Lake Erie Algae Bloom – 09/16/2008

  • December 13, 2013 at 4:45 pm #1771

    Scientists monitor growing Lake Erie algae bloom
    Space & Earth science / Environment

    (AP) — Giant floating fields of algae are back in strength this year on Lake Erie and scientists are trying to figure out why.

    The blooms of the pea-soup colored algae – so big they’ve been showing on satellite photos – are toxic to fish and small animals and irritating to humans. The lake once notorious for its pollution is cleaner than ever, yet the algae continues to thrive.

    “Algae is a big deal, especially the microcystis, what is often called the blue-green algae,” said Tom Bridgeman, a professor of environmental science at the University of Toledo’s Lake Erie Center. “It’s not aesthetically pleasing when it gets on boats or rots on the shore, but it can also be a health hazard.”

    Nine of 11 samples taken Sept. 3 from near West Sister Island, northeast of Toledo, were more toxic than guidelines set by the World Health Organization, said Geoffrey Horst, a Michigan State University graduate student who studies the algae. It won’t kill people, but at minimum it’s going to give swimmers a rash.

    Water utilities along Ohio’s Lake Erie shore spend thousands of dollars a day to kill the thick algae and to treat the bad smells and bad tastes that the organism causes, officials said.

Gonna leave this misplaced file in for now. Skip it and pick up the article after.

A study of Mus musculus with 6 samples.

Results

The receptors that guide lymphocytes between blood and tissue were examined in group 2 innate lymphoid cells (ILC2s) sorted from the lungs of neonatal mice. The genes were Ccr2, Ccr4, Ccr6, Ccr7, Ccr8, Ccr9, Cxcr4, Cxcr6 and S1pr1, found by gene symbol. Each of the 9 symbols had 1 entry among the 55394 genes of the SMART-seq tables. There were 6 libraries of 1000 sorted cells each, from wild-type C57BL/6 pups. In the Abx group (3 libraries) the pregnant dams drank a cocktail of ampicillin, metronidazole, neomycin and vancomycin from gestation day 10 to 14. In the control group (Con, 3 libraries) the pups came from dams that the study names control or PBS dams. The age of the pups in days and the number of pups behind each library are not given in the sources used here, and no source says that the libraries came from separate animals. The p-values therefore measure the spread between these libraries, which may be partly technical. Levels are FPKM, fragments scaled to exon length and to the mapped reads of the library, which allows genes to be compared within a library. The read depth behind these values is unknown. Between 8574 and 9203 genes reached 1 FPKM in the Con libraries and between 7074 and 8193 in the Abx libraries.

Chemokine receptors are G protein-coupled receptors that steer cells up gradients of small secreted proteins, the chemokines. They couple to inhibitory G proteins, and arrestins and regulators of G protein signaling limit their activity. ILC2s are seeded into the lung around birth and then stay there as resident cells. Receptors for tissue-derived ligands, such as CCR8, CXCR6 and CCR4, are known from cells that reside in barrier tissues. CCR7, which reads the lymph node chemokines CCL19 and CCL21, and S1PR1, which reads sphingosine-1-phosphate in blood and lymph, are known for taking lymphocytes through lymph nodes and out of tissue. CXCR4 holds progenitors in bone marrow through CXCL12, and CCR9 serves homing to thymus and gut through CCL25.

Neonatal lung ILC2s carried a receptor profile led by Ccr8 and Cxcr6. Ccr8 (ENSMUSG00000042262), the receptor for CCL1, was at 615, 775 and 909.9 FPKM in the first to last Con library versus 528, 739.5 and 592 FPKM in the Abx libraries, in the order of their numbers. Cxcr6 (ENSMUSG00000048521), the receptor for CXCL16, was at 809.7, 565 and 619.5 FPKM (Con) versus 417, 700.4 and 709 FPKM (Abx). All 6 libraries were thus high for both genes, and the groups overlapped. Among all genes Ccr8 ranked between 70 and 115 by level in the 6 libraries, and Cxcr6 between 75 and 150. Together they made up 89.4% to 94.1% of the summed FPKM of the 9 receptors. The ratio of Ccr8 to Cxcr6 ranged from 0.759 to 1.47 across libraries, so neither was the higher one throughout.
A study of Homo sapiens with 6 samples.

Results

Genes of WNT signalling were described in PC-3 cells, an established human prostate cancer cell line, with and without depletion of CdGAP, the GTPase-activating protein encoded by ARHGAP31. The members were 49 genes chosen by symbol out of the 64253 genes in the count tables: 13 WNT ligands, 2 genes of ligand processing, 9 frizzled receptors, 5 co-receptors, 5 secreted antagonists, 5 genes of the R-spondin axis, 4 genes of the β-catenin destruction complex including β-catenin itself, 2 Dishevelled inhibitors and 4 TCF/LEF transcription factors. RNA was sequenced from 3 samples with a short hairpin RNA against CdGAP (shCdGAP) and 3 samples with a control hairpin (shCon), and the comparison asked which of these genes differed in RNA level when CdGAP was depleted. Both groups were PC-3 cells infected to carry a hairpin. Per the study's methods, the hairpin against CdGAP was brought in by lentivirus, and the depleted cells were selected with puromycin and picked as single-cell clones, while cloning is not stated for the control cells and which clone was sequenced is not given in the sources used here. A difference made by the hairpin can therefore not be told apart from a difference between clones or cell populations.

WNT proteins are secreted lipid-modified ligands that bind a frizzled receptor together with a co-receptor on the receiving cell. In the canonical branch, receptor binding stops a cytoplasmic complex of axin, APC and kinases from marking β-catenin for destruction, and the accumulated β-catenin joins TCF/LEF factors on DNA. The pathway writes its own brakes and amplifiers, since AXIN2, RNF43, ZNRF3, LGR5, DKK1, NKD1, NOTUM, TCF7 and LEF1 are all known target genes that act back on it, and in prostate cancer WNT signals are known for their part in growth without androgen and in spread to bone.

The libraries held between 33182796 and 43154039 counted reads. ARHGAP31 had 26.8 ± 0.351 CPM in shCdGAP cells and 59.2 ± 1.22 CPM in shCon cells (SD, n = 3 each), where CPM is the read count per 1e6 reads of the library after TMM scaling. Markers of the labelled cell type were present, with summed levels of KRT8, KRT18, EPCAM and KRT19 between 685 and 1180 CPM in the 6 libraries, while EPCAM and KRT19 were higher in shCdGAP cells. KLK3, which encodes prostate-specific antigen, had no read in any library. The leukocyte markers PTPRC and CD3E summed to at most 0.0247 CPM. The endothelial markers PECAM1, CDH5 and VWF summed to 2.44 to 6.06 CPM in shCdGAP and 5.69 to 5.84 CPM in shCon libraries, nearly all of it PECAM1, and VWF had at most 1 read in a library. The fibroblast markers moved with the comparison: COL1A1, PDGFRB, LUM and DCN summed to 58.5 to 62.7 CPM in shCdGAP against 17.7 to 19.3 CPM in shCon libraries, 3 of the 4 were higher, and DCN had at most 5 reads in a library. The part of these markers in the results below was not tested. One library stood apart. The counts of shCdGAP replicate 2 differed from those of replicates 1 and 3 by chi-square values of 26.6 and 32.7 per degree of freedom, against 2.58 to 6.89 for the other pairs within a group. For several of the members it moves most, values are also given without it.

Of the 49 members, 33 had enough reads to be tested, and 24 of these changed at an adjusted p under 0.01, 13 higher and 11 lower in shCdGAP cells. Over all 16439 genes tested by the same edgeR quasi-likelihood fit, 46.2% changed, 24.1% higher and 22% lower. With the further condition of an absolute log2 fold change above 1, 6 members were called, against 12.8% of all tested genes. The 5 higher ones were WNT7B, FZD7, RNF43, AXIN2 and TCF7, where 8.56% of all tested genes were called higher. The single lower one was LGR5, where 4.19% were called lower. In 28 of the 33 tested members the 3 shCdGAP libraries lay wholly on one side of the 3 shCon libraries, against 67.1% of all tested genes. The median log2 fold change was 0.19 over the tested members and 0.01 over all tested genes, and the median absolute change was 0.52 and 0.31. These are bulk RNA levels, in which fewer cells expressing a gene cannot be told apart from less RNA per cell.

But it’s not going away.

    “It’s now blooming in the proportions that it was in the bad old days of the 1960s and early ’70s,” Bridgeman said. “There’s a mystery to it because the lake seemed to be getting cleaner, but now the algal blooms are worse.”

    Even dead, the algae poses a problem: Decomposition of dead algae uses up oxygen and creates oxygen-free dead zones in the lake.

    “There has already been a fish die-off in Lake Erie this season,” said John Hageman, laboratory manager at Ohio State University’s Stone Lab on Gibraltar Island.

    Researchers suggest the algae might be blooming because it’s fed by abundant phosphorus, which is running into the lake from increased suburban development.

    “The same nutrient-rich fertilizers which cause our grass and crops to grow can cause the algae to grow in the lake,” said Bridgeman, who calls the algae “Green Kool-Aid.”